If you took a break from politics over the summer, tomorrow night might be a good time to tune back in. A smaller group of Democratic presidential candidates are preparing to debate in Houston. And for the first time, you can watch the entire debate in one night.

NPR national political correspondent Mara Liasson joins us now to talk about what the debate might tell us about the race to take on Donald Trump.

Hey, Mara.


CHANG: OK, so this is now the third time Democrats will be debating this year, so we're really not at the beginning of the campaign anymore. Can you just catch us up real quick on where things stand right now?

LIASSON: The field is shrinking. That's the first thing that's happened. There are going to be 10 candidates and only 10. And for the first time, you're going to see the top three candidates standing next to each other in the center stage. That's Joe Biden, who's been leading the polls, Elizabeth Warren and Bernie Sanders. And what most people are waiting to see is if there will be a Warren-Biden clash.

CHANG: OK. So of those three candidates you just named, Joe Biden remains still at the top of the Democratic field. But he hasn't had really great debate performances. So the one question I have is, how much do debates really matter to the campaign?

LIASSON: You know, you can make an argument that the debates really haven't mattered much because look at Joe Biden. He's still on top of the field even though he has not had a good performance in the debates. Elizabeth Warren has moved up steadily, but not because of anything she did in the debates. It's because she's had all these plans, and she's performed well on the campaign trail. But in one sense, the debates are having an impact, and it's a negative one because the overall image of the Democrats and their policy ideas has gotten more negative among the general electorate as this debate season has gone on.

CHANG: Interesting. The debates have not been great PR for the Democratic Party. Well, Elizabeth Warren has been gaining support the past few months. She's going to be facing Joe Biden onstage for the first time. What do you think her hardest challenges are going to be onstage?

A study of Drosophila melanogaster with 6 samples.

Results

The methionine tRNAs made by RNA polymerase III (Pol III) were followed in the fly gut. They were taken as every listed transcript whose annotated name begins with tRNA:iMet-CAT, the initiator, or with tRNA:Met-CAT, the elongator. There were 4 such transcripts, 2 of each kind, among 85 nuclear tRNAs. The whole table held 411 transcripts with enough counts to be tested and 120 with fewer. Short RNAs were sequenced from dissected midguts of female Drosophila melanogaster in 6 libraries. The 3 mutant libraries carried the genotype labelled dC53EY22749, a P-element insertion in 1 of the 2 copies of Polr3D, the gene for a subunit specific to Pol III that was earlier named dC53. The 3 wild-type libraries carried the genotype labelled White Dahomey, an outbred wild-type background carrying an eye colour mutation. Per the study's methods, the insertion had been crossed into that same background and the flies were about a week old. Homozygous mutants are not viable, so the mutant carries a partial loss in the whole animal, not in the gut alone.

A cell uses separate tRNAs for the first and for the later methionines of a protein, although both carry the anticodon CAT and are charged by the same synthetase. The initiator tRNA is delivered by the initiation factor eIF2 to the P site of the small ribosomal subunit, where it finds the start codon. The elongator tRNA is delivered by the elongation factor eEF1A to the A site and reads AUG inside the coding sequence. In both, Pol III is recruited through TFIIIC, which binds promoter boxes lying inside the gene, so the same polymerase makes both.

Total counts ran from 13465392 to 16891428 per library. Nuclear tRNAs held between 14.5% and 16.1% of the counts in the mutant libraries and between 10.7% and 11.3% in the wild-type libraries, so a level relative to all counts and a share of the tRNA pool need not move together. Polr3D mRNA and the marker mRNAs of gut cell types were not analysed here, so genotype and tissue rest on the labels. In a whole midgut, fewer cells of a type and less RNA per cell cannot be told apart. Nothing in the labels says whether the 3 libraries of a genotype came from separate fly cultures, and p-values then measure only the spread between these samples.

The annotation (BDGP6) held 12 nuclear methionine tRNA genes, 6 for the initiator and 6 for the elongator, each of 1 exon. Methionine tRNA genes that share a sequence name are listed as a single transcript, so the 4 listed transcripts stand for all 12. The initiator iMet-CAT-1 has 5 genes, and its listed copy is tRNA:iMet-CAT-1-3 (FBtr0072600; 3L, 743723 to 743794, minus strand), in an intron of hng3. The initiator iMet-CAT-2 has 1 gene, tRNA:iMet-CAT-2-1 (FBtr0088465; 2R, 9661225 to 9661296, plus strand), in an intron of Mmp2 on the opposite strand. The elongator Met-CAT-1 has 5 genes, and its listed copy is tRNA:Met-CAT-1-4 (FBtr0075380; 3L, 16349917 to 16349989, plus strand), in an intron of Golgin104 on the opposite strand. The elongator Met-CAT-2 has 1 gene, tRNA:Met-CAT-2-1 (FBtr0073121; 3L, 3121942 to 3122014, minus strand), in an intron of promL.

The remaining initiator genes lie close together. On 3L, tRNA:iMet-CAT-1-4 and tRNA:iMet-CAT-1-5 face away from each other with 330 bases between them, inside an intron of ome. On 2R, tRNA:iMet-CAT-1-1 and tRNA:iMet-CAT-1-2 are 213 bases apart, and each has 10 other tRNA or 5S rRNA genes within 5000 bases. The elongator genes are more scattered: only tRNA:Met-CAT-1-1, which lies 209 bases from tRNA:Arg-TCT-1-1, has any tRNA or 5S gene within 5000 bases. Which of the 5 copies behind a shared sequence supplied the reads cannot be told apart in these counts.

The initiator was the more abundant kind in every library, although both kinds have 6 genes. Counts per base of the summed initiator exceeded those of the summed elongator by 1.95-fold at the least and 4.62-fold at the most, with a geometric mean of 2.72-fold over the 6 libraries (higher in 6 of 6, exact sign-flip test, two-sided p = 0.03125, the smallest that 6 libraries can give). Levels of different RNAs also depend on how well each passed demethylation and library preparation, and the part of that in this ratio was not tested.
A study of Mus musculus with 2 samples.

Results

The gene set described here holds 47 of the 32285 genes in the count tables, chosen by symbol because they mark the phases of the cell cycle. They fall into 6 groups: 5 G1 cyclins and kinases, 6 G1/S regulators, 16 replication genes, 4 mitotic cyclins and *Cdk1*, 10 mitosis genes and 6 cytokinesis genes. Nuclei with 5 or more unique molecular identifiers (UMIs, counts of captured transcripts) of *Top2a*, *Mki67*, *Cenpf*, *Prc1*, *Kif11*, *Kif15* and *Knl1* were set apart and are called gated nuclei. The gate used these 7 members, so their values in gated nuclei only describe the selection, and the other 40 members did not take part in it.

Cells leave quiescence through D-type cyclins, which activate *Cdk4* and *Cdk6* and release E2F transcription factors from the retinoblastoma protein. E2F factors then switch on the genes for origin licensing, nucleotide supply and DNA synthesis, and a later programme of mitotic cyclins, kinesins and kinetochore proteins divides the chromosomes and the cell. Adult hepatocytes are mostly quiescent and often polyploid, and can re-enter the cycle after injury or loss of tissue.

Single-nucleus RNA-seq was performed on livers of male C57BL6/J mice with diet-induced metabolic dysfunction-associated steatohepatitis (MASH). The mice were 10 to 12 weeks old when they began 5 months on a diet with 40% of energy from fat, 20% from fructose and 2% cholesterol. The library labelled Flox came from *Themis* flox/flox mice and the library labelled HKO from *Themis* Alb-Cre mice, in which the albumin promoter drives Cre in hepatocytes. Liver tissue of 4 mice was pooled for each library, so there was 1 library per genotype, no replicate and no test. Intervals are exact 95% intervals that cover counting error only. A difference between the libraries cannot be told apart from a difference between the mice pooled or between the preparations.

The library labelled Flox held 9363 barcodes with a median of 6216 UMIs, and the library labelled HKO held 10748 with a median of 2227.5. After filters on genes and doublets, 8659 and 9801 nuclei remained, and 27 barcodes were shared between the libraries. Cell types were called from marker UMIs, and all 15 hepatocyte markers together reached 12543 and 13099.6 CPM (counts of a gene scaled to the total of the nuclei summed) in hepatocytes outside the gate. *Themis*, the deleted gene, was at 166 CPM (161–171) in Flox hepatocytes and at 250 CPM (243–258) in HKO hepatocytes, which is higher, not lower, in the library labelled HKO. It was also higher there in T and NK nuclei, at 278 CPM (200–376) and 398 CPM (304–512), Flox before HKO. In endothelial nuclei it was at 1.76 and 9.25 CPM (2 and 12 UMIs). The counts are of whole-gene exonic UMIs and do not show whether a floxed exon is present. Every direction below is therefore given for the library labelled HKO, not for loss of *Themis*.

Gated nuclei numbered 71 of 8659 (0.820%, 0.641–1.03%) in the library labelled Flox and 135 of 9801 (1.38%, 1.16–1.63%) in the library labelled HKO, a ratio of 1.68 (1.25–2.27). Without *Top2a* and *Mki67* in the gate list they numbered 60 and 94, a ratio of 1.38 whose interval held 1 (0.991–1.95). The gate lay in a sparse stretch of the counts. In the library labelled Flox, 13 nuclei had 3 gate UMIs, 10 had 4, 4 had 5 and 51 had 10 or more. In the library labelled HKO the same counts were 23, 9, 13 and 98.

LIASSON: Well, I can tell you one thing that I think you're going to hear her do tomorrow - is make her own electability argument. You know, this is Biden's rationale. He says, I can beat Donald Trump. And polls show that large numbers of Democrats think he is the best candidate to beat Trump so far, and electability is a top priority for Democrats this year.

So what you're going to hear Elizabeth Warren say, I think, is a version of what she's been saying on the stump, which is, we can't choose a candidate we don't believe in just because we're scared of losing to Donald Trump. So she's going to try to show that she's someone who can inspire, who can take on Trump, one-on-one. She's going to use her performance tomorrow night to let people imagine her standing next to Donald Trump.

CHANG: Yeah.

LIASSON: That's what she has to do. Now, she's got some problems because her favorable ratings with the general electorate are not great. In the NPR/PBS/Marist poll, she has a 41% favorable rating and a 42% unfavorable rating - not great.

CHANG: Do you think being a woman has anything to do with her likability rate?

LIASSON: It might be. You know, misogyny is always a factor. It's hard to tease it out from everything else, but it's something that's going to weigh on Democrats' minds because they are determined to pick a candidate that can beat Donald Trump.

CHANG: Sure. Well, I want to ask you - there was this new poll out this week from Politico and Morning Consult showing that a majority of voters say there are still too many candidates onstage. So what can this debate do to help winnow down the field?

LIASSON: As long as the Democratic National Committee sets the criteria for the debates, this debate maybe could help one of the lower-polling candidates break out - hasn't yet. But what voters are telling us in that new poll is that it's hard for them to make a decision when there's so many candidates onstage. They'd like a more manageable field - four, five candidates. And we might get there, but that is up to the Democratic National Committee, who's under tremendous pressure from the grassroots to let the people decide.

CHANG: Yeah.

LIASSON: You know, let a thousand flowers bloom. Let a thousand candidates on the stage. So and - because they control the process.

CHANG: That's NPR's Mara Liasson looking ahead to tomorrow night's Democratic debate.

Thanks, Mara.

LIASSON: Thank you. Transcript provided by NPR, Copyright NPR.

Mara Liasson is a national political correspondent for NPR. Her reports can be heard regularly on NPR's award-winning newsmagazine programs Morning Edition and All Things Considered. Liasson provides extensive coverage of politics and policy from Washington, DC — focusing on the White House and Congress — and also reports on political trends beyond the Beltway.